Heinrich Himmler was one of the most vicious mass murderers in recorded history and was the architect of the Holocaust. He was born in Munich in 1900 to devout Roman Catholic parents and served as a junior officer in the German army during the First World War.
By 1922, he was already interested in what he referred to in his diaries as “The Jewish question”. His diary entries of the period are littered with anti-Semitic remarks.
A year later Himmler was a member of the Nazi party, and by 1924 he had forsaken Catholicism for an increasing interest in occult practices and anti-Semitism. The course of his future life was already set, he was extremely ambitious, and in 1925 he joined the SS, becoming a district leader.
Promotion to deputy propaganda chief followed in 1927, and later that year Himmler explained his vision of the future to Hitler – he wanted to form the SS into SS into an elite powerful, racially pure personal bodyguard for the Führer.
Himmler’s philosophy resonated with Hitler, who appointed him as Deputy Reichsführer-SS. Himmler’s dream of becoming one of the most powerful men in Nazi Germany looked set to materialise.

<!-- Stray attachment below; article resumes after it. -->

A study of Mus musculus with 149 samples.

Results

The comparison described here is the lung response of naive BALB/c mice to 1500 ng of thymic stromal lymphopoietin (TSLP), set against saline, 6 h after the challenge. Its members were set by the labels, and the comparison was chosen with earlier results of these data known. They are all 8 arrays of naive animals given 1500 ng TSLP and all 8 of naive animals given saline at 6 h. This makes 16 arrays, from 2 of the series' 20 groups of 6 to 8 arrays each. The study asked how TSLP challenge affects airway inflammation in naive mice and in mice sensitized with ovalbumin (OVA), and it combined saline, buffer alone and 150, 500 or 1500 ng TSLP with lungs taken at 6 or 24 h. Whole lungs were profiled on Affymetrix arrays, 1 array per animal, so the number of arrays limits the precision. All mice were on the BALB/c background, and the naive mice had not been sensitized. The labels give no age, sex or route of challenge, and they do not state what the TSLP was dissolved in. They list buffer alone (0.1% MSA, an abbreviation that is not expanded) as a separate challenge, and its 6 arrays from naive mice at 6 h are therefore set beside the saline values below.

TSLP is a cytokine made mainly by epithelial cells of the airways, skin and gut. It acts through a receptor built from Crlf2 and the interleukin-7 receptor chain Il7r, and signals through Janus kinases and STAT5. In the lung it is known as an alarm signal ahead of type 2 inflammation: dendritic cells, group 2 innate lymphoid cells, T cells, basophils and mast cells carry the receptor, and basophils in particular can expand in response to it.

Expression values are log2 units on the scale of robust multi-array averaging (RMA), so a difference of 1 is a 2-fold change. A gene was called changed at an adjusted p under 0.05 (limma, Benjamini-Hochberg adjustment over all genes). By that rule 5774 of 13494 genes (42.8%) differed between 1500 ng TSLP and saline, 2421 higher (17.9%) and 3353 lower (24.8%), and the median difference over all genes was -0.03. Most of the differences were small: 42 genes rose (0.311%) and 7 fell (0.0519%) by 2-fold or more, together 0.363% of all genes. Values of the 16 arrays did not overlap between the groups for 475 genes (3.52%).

By 1933, the Nazis were in power, and Himmler was setting up Dachau, the first Nazi concentration camp, and in 1939, he masterminded an operation to plant German soldiers disguised as Polish troops on the German/Polish border to carry out fake attacks on German villages.
This provided Hitler with the excuse he needed to invade Poland, precipitating the Second World War.
Himmler was a fantasist, and as his power grew he exhibited increasing signs of mental instability. He set himself up in 17th century Wewelsburg castle that is situated in North Rhine-Westphalia, Germany.
The castle was to be used a ‘cultural centre’ for senior members of the SS, and meetings were called by Himmler, who dressed as a Mediaeval Prince for the occasion. Obsessed with stories of King Arthur and the Knights of the round table, he filled the castle with SS artefacts, daggers, specially marked chairs and silverware, and made plans to convert the surrounding area into an idealised Arian village. It was in Wewelsburg that plans were made for the Holocaust – the killing of millions of Jews.
Himmler committed suicide at the end of the war when he had been captured by the Allies.
Following a £10 million restoration, Wewelsburg has been opened to the public. Schoolchildren and Public service employees make compulsory visits so that they can learn about of the worst excesses of the Nazi regime.
However, critics of the “museum of death” have cautioned that the castle could turn into a shrine and a pilgrimage site for the far right neo-Nazis.
“Unwanted right wing visitors who want to make the castle a pilgrimage site will be kicked out,” was the strong answer of Kirsten John-Stucke, the museum’s deputy director.